Bluebird experts from around the state will be flocking to Mansfield this Saturday for the Texas Bluebird Society's annual summer symposium. Photo courtesy of Catherine Dale.
Aug. 19, 2014
By Minnie Payne
Bluebirders who put up bluebird boxes are usually very caring, optimistic people with good attitudes, says Keith Kridler, cofounder of the Texas Bluebird Society and coauthor of the Bluebird Monitor’s Guide. He also reports that about 20 percent of people in the United States watch, feed or have an interest in birds.
Kridler will share 50 years of experience tending bluebird boxes with beginners and veteran bluebirders at the 2014 Texas Bluebird Society Summer Symposium Aug. 23 at the Mansfield ISD Center for the Performing Arts. The all-day event will be held from 9 a.m. to 3 p.m. Doors open at 8:30 a.m. for registration and silent auction. Cost is $6 and does not include lunch.
Right, renowned bluebird expert Keith Kridler autographs a bluebird nestbox.
A special screening of Bluebird Man, a half-hour documentary about 91-year-old Al Larson and his role in the recovery of the bluebird, will be shown during the first morning session.
“People will come with questions, which will be answered during a question and answer period,” Kridler informs. “You can bluebird for a long time, and have different issues such as predators and various problems that arise.”
Bluebirds are somewhat prevalent in the Fort Worth area, particularly along a bluebird trail set up my volunteers along the Trinity Trails adjacent to the Colonial Country Club. They also make their home at the Fort Worth Botanic Garden. The northern shore of White Rock Lake, around Flower Mound and Graham are also good areas for bluebird watching and nesters. Several schools in the Dallas area have put up nesting boxes.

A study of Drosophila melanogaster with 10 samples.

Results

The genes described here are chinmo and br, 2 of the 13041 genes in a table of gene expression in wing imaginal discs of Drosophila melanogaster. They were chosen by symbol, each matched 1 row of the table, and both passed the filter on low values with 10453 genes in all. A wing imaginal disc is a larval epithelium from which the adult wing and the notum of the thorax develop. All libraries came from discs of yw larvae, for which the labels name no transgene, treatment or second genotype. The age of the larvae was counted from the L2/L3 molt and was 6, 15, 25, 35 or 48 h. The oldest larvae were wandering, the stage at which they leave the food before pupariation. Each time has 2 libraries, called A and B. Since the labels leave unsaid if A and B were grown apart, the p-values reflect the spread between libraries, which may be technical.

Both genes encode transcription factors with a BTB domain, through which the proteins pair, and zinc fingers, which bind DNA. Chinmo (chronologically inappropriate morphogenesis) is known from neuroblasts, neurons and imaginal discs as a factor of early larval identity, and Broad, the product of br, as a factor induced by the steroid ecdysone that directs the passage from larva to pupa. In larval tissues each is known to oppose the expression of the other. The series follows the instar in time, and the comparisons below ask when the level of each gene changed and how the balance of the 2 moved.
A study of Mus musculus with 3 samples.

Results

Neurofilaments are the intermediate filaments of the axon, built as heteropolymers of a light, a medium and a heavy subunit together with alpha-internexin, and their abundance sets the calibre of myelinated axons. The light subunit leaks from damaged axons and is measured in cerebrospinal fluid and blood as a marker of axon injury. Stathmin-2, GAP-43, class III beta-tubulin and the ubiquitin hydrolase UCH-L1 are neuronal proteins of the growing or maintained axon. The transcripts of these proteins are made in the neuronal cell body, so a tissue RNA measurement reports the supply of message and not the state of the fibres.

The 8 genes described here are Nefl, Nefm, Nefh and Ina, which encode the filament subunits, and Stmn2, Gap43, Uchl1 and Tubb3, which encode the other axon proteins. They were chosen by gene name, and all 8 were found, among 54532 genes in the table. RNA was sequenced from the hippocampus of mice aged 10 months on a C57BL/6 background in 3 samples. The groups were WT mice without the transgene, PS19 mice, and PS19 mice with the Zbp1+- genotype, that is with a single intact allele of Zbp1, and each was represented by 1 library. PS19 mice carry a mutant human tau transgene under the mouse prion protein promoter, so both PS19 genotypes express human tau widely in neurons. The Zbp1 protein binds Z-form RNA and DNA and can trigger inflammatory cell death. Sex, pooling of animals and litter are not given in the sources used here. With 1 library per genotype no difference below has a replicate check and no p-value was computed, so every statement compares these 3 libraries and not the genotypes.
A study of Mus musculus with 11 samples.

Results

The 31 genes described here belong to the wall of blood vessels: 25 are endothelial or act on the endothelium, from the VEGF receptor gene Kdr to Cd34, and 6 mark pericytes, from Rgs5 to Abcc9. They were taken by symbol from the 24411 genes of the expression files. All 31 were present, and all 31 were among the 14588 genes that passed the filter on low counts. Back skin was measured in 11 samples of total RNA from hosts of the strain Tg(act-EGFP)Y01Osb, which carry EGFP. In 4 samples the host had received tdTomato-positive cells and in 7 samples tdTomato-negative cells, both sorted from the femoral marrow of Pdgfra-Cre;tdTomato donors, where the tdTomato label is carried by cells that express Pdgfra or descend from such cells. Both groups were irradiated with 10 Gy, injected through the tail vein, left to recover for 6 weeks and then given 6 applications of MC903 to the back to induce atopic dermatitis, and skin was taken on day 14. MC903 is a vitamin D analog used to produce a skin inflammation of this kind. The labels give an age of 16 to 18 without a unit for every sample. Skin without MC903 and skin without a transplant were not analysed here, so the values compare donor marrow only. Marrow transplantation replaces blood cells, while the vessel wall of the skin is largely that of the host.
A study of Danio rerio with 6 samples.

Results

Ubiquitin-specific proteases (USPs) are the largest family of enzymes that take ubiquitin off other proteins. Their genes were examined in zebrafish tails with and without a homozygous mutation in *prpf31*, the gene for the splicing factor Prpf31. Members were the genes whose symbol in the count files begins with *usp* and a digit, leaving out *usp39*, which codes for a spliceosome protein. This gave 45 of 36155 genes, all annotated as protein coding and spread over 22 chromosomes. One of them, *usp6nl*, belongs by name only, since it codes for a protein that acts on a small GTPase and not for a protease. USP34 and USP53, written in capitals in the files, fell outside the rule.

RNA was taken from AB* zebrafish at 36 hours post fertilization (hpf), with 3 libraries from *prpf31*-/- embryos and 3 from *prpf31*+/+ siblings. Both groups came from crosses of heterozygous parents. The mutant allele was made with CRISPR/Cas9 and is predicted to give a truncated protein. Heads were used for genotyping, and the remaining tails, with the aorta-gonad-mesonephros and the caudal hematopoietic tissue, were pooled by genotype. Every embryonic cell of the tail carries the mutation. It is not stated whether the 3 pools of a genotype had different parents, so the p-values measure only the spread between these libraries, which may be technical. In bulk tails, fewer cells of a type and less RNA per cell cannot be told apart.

Left, Bluebird Man will shown during the day-long event.
“They [bluebirds] like any kind of sports field, as well as cemeteries,” says Kridler. “They need about one acre of open yard, but they don’t care if it’s half an acre of your neighbor’s yard.
“They will nest in all types of boxes, but boxes built specifically for them are best.”
Nestbox offers will be available at the symposium. For a contribution of $15, you will receive a new Texas Bluebird Society membership and a free nestbox. Renewing members can purchase a nestbox for $10, plus tax, and nestboxes will also be for sale for $15, plus tax.
Texas Bluebird Society seminars have been held in Glen Rose, Gainesville, Mount Pleasant and Bastrop. This year’s DFW location presents an opportunity for North Texas school-age children to people in their 80s to learn, be entertained and meet other bluebird enthusiasts close to home.
The Mansfield symposium will offer displays, demonstrations and a silent auction fundraiser. Presentations include “Bluebirds & More,” presented by author and naturalist Keith Kridler during the morning and “Native Gardening to Attract Birds & Butterflies,” presented by Texas master naturalist Jim Varnum in the afternoon.
Above, get a Texas Bluebird Society nest box free with a $15 membership. Below, plants that provide food for bluebirds, via fruit or insects. Courtesy of the Texas Bluebird Society.
Kridler informs that bluebirds are an interesting topic, in that their family life is a lot like humans. Parents, as well as grandparents, watch out for the young.
Pauline Tom, president and co-founder of Texas Bluebird Society, also a bluebird enthusiast, says that people who live in the heart of the city also have an opportunity to attract bluebirds.
“Attendees can enjoy learning about bluebirds in general, as well as native gardening,” she says.
According to Kridler, bluebirds are one of the most popular birds in classical writing.
“Walt Disney’s productions had bluebirds in every single film,” he says. “They [bluebirds] make people happy and cause them to have a good outlook on life.”
Minnie Payne is a Carrollton-based freelance writer. She’s written for Pegasus News, Frisco Style Magazine and Seedstock. She presently freelances for Living Magazine, The Senior Voice and Your Speakeasy. She can be reached at firstname.lastname@example.org.